Stories From the Field:


Developing an Anesthesiology Residency in Haiti

Daniel Saddawi-Konefka, MD Anesthesia Residency Program Director, received an MGH Global Health Travel Award to go to Haiti in an effort to determine opportunities for collaboration and development of the anesthesiology residency at and l’Hopital de l'Universite d'Ētat d'Haiti (HUEH).

The 2010 earthquake that hit Haiti was of magnitude 7.0. It caused major damage to the capital Port-au-Prince and other cities in the area. A global response at the time helped Haiti rebuild and provided substantial aide and healthcare to the population. That aide has slowly receded, and in its place the Haitian people have a need to become more self-sufficient. This includes robust training of anesthesiology residents who will provide care in Haiti. We went to Haiti to determine opportunities for collaboration and development of the anesthesiology residency at and l’Hopital de l'Universite d'Ētat d'Haiti (HUEH).

There are two residency programs in Haiti, and HUEH’s is the larger of the two. Training comprises three years for dedicated anesthesia training. (This occurs after high school, 6 years of medical school, and one year of general practice [similar to an intern year]). The HUEH hospital currently has a total 21 residents over three years of training. There are 8 operating rooms in their hospital (4 general OR, 2 labor and delivery, 1 ophthalmology, 1 ENT), which run elective cases from 8 am to 4 pm.

Our trip comprised one weekend in March, during which we met with Program Leadership and residents to discuss needs and opportunities for growing their program. We also toured a new hospital facility that is being constructed (as the result of a partnership between the United States, France and the Haitian government). In our conversations with them, we discovered several areas where we could work with them to improve their physician training.

The first was ultrasound-guided regional anesthesia. Pain control is a key component of the practice of anesthesia, and regional anesthesia has a significant role in analgesia for many surgical procedures, in particular for extremity operations that are common at HUEH. The Anesthesia department has expressed an interest in developing the capacity to perform ultrasound guided regional anesthesia. To that end, we plan a future collaboration where we will send faculty and residents down for a week-long regional training session with them (currently scheduled for October 2018).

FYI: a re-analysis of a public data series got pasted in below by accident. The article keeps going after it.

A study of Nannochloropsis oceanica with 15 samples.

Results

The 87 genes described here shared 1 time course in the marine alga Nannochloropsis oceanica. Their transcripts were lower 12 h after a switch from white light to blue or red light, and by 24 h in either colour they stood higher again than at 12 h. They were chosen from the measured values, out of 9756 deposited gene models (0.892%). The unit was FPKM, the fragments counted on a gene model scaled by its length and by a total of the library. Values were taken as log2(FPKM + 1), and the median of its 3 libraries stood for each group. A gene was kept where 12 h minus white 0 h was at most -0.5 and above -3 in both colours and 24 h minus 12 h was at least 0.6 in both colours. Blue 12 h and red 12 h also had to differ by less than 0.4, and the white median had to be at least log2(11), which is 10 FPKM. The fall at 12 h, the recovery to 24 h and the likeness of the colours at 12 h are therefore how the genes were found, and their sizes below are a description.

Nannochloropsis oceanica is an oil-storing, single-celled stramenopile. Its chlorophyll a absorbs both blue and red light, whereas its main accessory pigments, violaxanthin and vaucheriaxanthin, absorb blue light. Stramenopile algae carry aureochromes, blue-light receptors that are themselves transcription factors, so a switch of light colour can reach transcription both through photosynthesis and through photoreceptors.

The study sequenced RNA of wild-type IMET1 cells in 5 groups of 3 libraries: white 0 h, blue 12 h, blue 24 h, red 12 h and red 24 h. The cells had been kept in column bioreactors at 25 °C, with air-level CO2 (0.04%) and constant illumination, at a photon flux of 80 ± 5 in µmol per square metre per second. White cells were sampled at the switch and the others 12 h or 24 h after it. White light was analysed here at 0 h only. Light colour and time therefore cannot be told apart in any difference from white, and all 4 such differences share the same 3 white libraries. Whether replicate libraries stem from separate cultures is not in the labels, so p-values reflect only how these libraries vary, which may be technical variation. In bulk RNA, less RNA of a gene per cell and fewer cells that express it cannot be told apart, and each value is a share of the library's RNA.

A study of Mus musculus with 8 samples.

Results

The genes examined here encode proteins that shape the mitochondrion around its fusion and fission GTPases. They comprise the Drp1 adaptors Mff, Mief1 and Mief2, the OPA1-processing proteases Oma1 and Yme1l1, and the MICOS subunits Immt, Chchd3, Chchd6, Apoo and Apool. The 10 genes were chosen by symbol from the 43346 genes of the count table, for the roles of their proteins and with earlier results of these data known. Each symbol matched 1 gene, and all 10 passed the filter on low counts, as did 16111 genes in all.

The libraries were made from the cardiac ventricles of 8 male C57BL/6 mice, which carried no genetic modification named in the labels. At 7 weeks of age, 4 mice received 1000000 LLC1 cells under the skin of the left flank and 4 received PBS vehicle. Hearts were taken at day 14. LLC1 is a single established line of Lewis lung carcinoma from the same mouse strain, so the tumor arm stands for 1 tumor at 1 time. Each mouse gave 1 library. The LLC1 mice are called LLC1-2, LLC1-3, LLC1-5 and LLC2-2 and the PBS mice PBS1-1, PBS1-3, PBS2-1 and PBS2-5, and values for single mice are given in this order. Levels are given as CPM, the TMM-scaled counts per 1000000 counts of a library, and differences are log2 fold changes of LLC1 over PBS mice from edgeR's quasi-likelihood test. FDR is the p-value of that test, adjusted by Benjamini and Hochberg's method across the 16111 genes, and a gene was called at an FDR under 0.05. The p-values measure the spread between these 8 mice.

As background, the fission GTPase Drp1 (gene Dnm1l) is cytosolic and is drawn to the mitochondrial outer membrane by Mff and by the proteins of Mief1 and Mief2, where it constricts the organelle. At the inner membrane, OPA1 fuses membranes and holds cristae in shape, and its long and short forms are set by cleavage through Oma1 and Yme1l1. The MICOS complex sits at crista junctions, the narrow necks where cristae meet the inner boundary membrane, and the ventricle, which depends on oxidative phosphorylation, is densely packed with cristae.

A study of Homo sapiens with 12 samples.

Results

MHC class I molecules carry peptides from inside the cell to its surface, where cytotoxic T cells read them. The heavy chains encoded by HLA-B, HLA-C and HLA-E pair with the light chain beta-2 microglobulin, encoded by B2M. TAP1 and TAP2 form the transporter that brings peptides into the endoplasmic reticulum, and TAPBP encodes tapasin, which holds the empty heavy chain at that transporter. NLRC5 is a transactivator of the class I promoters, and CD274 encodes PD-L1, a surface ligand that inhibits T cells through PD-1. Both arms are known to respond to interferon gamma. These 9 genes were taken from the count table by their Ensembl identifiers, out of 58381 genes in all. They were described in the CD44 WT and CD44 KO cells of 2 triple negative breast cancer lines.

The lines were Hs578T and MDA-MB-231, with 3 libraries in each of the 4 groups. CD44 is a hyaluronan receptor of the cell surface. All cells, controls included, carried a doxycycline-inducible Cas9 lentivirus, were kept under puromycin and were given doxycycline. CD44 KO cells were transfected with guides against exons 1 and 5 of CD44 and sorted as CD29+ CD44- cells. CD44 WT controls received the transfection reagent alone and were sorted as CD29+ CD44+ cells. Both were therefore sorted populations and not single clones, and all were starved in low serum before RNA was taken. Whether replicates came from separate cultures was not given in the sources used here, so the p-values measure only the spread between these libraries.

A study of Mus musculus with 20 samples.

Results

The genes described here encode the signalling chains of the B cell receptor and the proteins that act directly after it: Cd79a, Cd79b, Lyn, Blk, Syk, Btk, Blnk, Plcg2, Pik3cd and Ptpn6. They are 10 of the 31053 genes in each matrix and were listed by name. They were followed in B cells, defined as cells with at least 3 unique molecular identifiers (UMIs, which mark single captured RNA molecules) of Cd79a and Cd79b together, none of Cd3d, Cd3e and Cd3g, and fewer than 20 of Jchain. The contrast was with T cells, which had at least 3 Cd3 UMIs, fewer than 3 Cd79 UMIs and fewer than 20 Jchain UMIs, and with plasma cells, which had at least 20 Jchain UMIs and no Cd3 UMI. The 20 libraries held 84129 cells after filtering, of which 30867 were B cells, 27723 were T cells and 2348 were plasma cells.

A second area was training for critical care. The HUEH does not currently have an intensive or critical care unit (ICU), but the new hospital building (scheduled to open in 2019) will have an ICU and will need training physicians to care for patients there. Without the ability to handle complex and critically ill patients, the capacity of HUEH to deliver and teach advanced clinical care is, and will continue to be, severely limited. To help them with this, we toured a neighboring hospital that had a small ICU, and made recommendations to set up a rotating resident rotation that will provide them with relevant ICU training in situ.

Lastly, we are working with them on their didactic curriculum, and planning to set up remote video conference lectures that can be delivered interactively by members of our department.

Looking forward, we hope to cultivate a relationship between our two programs such that our future trainees will have the opportunity to learn more about global health and have opportunities to contribute firsthand.